Help with text mode in Cygwin

I run win98 but have downloaded Cygwin to have a unix-like environment. I’ve read the help section at the cygwin page, but it doesn’t answer this question.

All the mount points are in the default binary mode. I want to change one of them to text mode. The help pages don’t say how to do this, except maybe to modify the system registry. I’d rather avoid doing that, as I suspect it may screw things up. It’s not that I’ve never modfied the registry, but it seems to me there should be a way of changing the mode without doing that.

I tried making a new mount point for the directory I’m using, but I must be doing something wrong, as I keep getting errors. I’m not very familiar with the mount command, so obviously there’s something I don’t understand about it.

Can anyone help?

Hmmm, when I installed it, the default was text mode and it was a nightmare. Just an awful mess. I edited the mount info the registry and changed that. Surprisingly, the “mount” command didn’t change default settings at the time. (Which would have been The Right Way.) But try that and see if they fixed it.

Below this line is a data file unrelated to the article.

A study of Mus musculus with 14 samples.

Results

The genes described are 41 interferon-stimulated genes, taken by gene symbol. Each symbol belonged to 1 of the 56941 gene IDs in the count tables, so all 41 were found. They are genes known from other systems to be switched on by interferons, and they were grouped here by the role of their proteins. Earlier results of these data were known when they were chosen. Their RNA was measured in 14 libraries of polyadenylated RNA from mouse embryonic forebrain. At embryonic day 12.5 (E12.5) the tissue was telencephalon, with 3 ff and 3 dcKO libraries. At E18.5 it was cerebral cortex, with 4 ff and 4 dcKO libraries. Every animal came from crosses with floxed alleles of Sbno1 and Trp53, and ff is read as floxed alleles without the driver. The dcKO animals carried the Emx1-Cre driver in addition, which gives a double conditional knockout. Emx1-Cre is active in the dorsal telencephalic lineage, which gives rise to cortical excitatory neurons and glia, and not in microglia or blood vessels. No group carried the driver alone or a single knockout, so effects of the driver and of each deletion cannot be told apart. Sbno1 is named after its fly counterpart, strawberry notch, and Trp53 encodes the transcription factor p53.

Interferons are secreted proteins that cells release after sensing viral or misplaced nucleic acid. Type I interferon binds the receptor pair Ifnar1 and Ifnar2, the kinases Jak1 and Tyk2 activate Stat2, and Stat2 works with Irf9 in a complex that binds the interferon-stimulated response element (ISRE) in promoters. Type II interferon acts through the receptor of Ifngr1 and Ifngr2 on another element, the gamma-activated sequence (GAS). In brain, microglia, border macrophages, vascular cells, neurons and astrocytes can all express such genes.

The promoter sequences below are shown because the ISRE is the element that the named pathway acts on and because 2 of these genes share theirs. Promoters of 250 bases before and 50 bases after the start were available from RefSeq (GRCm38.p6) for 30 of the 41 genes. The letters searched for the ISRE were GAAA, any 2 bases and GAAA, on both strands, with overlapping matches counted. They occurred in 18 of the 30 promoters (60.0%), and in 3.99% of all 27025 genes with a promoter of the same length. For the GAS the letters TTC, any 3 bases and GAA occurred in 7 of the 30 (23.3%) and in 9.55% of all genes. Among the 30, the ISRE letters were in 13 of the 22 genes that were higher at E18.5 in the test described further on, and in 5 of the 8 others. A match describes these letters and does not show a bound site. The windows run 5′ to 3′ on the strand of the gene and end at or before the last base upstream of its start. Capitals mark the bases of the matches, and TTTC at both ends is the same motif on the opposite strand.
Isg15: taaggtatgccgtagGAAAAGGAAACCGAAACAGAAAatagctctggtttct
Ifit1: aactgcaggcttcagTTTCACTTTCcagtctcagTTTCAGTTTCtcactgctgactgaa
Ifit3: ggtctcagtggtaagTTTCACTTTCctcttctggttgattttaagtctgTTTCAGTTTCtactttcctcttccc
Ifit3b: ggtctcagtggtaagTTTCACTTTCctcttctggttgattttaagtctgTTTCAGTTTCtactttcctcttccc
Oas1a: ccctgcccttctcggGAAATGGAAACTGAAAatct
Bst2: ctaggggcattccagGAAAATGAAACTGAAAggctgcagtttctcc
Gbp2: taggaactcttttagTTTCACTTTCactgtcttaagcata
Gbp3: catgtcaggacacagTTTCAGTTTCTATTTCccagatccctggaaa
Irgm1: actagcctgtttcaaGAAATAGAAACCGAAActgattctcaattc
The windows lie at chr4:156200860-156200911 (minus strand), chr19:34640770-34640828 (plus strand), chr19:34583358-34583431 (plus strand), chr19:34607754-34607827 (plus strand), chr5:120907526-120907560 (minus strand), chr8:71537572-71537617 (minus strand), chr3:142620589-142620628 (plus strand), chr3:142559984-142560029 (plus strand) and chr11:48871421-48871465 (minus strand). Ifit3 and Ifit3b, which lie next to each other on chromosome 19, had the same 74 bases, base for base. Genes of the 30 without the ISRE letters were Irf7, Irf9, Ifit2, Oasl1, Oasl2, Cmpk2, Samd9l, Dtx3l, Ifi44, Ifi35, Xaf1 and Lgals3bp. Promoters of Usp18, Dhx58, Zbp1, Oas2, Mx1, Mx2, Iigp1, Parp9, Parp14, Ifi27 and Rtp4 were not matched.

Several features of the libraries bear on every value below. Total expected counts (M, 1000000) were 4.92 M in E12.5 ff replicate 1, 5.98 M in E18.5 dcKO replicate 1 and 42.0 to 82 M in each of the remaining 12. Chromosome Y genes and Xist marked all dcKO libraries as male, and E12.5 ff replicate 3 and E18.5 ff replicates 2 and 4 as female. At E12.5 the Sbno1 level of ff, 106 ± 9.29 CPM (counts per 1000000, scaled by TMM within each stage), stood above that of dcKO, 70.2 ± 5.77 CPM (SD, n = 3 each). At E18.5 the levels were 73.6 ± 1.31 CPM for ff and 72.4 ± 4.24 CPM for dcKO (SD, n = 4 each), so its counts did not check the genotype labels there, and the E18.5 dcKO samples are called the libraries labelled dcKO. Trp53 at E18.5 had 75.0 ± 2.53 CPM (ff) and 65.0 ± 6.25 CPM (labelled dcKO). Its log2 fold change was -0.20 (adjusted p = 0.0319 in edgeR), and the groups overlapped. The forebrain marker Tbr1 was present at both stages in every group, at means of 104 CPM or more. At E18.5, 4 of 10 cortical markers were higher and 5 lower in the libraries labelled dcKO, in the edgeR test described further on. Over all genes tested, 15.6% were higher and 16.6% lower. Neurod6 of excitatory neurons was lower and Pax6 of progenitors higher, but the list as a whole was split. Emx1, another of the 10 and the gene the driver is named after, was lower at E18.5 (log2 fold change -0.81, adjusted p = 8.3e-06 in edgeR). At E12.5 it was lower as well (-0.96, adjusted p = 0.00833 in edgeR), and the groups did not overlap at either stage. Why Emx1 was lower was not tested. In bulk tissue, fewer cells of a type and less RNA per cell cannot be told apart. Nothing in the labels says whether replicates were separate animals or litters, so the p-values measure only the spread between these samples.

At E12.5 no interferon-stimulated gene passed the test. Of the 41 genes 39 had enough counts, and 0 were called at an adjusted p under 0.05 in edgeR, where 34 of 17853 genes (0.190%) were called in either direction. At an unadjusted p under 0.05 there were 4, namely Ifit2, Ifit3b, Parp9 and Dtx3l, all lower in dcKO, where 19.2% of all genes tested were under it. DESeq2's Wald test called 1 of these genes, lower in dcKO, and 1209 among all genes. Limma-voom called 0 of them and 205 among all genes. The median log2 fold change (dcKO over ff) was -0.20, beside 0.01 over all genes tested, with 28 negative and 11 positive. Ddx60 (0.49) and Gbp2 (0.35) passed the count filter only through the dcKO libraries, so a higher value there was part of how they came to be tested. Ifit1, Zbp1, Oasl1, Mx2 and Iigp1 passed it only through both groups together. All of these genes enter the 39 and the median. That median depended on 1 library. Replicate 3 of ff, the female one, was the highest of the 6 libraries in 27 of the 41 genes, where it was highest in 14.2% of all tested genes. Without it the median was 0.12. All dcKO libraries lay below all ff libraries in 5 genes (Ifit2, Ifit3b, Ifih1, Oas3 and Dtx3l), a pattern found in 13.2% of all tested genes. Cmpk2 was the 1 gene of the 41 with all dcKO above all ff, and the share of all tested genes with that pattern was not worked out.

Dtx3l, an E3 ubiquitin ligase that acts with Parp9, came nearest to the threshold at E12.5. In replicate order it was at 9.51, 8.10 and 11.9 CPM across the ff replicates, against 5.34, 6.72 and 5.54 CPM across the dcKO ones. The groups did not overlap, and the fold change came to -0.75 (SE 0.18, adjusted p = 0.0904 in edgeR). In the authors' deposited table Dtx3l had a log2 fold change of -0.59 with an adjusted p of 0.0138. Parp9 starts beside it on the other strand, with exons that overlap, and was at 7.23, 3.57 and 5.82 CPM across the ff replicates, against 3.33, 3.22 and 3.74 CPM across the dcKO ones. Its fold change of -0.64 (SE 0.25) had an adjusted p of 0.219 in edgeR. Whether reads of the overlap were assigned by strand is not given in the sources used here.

You can also do a reinstall and when it asks for default mount type, tell it. (There are shortcuts you can take to bypass a lot of reinstall so it doesn’t take that long.)

I have had no problem whatsoever using binary mounts, myself.

Binary files are a problem if you are creating a file that will be used by a Windows application.

If the file comes out of a program I’ve written, it’s no problem. I can always write out both the carriage return and new line. But if it comes from a Cygwin utility, then it’ll be missing the carriage return and Windows app (in my case, just Notepad) gets it screwed up.

There’s another fix I thought of and that’s just to write a simple program that rewrites a file with the carriage return. That’s probably what I’ll do.

Well, it’s nice to know that just changing the registry will not break things.

Well, if you just want to convert eol formats, use the commands “dos2unix” and “unix2dos”.

But be warned: a lot of truly binary files will get munged automagically behind your back.